Although his father was a sculptor and his mother a painter, Alexander Calder, a pioneer of kinetic art, initially studied mechanical engineering, until at the age of twenty-five he decided to begin his art studies.
In 1926 Calder moved to Paris, where he met important artists such as Fernand Léger, Marcel Duchamp and Joan Miró, with the last of whom he struck up a long and fruitful friendship. In 1930 he visited Piet Mondrian’s study. This totally changed his view of art and led him to abstraction. Indeed, during the two weeks following this visit he produced only abstract works. He was subsequently invited to join the Abstraction-Création group of artists, which included Jean Arp, Jean Hélion and Mondrian himself.
From then on, Calder’s work began to evolve towards abstract and kinetic art. In 1931 he created his first sculptures fitted with small electric motors, which Marcel Duchamp dubbed “mobiles”.
In 1937 he exhibited Mercury Fountain in the pavilion of the Spanish Republic at the World’s Fair in Paris, along with the work by his friend Joan Miró entitled Paysan catalan en révolte. The same space housed Guernica, which became a veritable symbol of the anti-fascist struggle.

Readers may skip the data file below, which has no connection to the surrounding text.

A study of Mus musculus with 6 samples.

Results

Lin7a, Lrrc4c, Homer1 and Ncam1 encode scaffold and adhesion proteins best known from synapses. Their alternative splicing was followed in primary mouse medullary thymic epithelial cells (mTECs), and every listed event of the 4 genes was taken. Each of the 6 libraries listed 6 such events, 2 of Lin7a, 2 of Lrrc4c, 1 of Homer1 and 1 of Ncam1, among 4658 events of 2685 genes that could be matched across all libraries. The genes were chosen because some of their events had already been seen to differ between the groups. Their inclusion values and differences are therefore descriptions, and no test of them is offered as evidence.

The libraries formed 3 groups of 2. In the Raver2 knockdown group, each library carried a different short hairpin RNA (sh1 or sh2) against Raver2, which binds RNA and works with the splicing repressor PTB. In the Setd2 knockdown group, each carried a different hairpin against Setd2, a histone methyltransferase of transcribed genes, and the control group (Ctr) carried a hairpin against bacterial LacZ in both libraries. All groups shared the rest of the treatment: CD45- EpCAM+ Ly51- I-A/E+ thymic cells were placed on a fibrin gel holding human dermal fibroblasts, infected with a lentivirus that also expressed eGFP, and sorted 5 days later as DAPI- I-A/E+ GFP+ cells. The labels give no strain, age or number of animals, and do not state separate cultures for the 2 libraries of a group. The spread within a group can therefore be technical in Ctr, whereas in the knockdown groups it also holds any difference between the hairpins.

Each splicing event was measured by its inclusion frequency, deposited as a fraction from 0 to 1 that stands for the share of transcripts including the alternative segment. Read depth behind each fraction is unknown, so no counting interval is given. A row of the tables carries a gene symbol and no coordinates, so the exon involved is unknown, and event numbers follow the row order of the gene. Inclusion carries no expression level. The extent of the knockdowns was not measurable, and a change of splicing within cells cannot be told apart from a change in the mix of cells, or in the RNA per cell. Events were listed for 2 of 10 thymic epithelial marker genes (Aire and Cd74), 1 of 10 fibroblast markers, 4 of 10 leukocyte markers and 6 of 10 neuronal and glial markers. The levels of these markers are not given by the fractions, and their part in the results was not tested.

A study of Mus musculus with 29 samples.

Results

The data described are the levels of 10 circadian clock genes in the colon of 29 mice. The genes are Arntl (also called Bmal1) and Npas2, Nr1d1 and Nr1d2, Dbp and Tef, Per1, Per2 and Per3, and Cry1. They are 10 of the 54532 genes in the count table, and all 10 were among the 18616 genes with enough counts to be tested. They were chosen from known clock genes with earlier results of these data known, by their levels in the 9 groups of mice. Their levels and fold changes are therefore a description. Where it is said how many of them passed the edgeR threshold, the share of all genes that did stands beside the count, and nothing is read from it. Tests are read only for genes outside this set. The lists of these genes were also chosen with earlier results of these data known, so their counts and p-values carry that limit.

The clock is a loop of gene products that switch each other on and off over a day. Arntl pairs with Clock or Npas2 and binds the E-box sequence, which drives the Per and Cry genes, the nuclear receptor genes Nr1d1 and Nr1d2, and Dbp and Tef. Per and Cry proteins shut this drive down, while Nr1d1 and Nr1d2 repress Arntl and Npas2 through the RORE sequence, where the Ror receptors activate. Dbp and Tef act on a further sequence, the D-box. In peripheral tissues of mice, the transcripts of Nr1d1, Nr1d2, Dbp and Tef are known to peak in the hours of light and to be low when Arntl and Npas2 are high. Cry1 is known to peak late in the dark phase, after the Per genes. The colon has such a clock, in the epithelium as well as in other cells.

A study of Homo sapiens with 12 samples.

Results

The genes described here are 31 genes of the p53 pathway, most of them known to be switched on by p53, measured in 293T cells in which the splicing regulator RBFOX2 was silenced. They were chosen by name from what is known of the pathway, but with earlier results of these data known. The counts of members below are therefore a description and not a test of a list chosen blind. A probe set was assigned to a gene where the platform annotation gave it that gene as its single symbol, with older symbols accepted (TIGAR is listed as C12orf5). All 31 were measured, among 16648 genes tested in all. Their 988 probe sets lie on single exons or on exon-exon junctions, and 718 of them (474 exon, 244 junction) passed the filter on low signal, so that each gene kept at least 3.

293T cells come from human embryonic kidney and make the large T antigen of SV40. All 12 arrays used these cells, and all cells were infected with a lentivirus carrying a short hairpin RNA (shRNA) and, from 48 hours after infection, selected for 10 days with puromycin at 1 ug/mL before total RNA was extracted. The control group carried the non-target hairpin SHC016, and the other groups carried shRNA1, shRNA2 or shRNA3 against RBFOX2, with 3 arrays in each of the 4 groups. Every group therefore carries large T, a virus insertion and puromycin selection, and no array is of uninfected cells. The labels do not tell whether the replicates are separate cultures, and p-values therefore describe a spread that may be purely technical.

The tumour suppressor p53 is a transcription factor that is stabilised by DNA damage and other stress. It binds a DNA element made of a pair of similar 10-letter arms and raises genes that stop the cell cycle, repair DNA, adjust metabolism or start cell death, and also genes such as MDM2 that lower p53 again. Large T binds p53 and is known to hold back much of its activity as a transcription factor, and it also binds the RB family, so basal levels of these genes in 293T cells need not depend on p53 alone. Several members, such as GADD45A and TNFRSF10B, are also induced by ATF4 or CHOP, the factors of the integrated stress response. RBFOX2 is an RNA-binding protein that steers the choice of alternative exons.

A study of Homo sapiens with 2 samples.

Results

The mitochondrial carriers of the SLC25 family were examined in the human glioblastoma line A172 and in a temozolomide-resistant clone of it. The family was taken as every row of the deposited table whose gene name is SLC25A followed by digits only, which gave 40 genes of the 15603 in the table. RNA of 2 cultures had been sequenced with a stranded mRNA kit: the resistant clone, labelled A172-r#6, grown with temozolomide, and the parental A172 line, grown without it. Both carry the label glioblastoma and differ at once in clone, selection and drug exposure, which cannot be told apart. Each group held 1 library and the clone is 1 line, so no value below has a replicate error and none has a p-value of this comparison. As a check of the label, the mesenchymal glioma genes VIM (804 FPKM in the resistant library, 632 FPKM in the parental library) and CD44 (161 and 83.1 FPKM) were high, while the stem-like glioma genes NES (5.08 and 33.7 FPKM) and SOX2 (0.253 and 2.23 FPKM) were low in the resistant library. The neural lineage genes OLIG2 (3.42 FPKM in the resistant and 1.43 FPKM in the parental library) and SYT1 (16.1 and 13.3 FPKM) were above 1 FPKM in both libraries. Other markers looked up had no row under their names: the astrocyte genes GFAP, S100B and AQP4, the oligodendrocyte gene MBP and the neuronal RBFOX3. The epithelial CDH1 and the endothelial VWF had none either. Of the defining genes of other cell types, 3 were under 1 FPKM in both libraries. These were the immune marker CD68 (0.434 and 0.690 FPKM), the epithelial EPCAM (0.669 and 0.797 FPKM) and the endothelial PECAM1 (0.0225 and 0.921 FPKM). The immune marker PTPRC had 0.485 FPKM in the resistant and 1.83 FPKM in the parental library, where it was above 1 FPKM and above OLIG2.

In 1942 he started work on a series of wooden mobiles entitled Constellations, in homage to the works of the same name created by Miró and shown in the retrospective devoted to him by MoMA in New York in 1941. It had been curated by James Johnson Sweeney, who was also responsible for curating Calder’s own retrospective at MoMA in 1943.
In the 1950s Calder devoted himself to producing monumental sculptures, many of which were installed in public spaces. Such iconic locations as John F. Kennedy Airport in New York, the UNESCO headquarters in Paris and the Lincoln Center in New York contain large-scale works by this artist.
Alexander Calder died in New York in 1976, leaving an impressive artistic legacy which continues to be admired and studied today. His works can be found in the permanent collections of museums such as MoMA, the Centre Pompidou in Paris and the Guggenheim in New York, among many others.
The Hortensia Herrero collection holds two of Calder’s works: a mobile that hangs from the ceiling and a “standing mobile” that was included in the retrospective exhibition devoted to him by the Whitney Museum in New York in 1976.